Of course it's not a non-answer. Magga-paccaya is one of the 24 Conditions, right out of the texts. Whether it conditions the right path or the wrong path can be seen by what cetasikas are present. I answered briefly, because magga-paccaya itself explains everything. If you don't understand what it is, you can read more about it here: http://www.zolag.co.uk/conditions/html_ ... ition.html.tiltbillings wrote:Of course, this is a non-answer.Virgo wrote:One needs to understand magga-paccaya to really understand it.tiltbillings wrote: Don't be stingy with your words. What is the right path and what is the wrong path?
I didn't want to explain everything, so I summed it up with magga-paccaya.
True metta is never unwholesome. Sila is never unwholesome, etc. There have been many great meditators that cultivated metta. However, just because we think we are cultivating mettta does not mean we actually are. It takes a person with very high accumulations for it to practice samatha of any kind. They have to have panna on that level. I personally do not believe that every person has that kind of understanding. A lot of times, we just increase our self-view that way, taking attachment (unwholesome) as calm (wholesome). During those moments, the cetasikas which are path factors are not present, so we are not on the right path.tiltbillings wrote: The talk you linked was interesting for any number of reasons. The traditional metta practice as we see in the suttas and the Visuddhimagga was utterly dismissed. discounted as being wrong path was interesting, but expected in light of what as been said above, and the rather triumphalist responses of the questioners of Sujin in regards to the traditionalist to metta practice approach was very interesting. So, the question is: why did you link this talk? For what purpose?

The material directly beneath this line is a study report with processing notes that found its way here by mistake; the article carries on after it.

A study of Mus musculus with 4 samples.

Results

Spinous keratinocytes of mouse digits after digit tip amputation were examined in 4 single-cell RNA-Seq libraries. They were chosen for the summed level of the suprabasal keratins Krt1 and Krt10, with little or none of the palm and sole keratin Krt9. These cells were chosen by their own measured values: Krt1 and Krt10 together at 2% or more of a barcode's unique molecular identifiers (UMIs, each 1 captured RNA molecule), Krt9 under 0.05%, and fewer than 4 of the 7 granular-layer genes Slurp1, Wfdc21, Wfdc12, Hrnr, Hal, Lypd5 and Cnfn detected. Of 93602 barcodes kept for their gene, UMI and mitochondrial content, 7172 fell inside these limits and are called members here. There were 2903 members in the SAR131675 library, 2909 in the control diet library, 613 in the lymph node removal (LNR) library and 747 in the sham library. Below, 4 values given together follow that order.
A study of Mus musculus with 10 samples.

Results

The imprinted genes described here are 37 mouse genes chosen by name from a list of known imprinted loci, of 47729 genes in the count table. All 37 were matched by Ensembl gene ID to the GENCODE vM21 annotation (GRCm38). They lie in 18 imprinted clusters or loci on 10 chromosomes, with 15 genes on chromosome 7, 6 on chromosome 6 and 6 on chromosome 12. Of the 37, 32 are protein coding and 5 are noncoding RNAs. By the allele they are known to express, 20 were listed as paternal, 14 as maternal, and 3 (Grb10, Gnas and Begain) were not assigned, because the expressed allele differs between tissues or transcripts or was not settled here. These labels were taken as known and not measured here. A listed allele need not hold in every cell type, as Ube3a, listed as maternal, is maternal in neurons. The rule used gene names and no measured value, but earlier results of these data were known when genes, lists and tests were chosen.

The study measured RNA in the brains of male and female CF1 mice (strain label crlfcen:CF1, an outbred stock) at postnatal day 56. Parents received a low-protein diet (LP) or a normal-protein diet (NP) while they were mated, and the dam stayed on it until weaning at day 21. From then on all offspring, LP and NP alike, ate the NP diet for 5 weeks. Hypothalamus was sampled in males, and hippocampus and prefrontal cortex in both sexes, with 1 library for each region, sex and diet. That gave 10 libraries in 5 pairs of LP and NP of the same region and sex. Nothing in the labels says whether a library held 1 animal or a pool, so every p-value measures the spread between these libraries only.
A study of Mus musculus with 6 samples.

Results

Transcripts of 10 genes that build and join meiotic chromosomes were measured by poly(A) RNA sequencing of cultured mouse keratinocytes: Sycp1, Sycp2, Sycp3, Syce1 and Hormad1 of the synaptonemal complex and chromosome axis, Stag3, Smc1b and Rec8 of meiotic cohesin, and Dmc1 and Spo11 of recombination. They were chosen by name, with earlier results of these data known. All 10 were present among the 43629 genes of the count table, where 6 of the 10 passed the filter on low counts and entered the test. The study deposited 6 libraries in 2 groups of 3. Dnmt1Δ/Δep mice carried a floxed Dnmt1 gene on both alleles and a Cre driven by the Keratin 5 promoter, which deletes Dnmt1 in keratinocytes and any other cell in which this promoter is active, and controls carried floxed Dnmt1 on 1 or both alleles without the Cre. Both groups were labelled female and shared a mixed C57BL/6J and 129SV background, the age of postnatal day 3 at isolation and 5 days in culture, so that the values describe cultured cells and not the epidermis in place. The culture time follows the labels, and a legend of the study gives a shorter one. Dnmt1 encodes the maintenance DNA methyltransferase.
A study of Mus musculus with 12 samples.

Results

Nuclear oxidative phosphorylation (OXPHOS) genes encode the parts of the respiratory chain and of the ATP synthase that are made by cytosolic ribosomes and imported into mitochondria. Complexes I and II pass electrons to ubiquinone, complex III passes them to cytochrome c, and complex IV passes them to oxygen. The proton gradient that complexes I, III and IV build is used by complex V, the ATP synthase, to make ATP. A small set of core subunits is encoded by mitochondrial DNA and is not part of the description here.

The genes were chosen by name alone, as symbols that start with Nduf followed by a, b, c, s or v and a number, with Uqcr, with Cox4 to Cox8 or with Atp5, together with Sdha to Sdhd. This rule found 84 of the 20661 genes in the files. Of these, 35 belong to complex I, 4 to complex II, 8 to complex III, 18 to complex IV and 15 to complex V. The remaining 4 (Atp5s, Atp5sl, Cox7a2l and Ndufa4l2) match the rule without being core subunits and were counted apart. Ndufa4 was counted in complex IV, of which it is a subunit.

It can be hard to know when the mind is kusala or akusala. For example, earlier today while driving I saw a Golden Retriever in someones yard. It was running around and came very close to the edge of the road (almost on the road) as I approached in my vehicle. I had aversion thinking that the dog was pesky and might run into traffic while I drove by, and that I might hit it by accident. Then the dog (while still on the lawn) jumped in the air and wagged it's tail which was quite beautiful. I felt happier immediately and was no longer disturbed by the presence of the dog. After I drove by I thought to myself "first I was averse to the dog which was akusala but then there was a moment with metta and I liked the dog when I saw how playful it was and how nice it looked". When I examined my mind closer, I realized there was actually not any metta at the moment that I thought there was, there was just attachment because seeing a carefree dog made me feel good. I liked the color of it's fur. I liked it's bushy tale. I liked that it was carefree. It made me feel good, and I was attached at that moment. That's akusala, not metta. That moment was not an eight-fold path moment.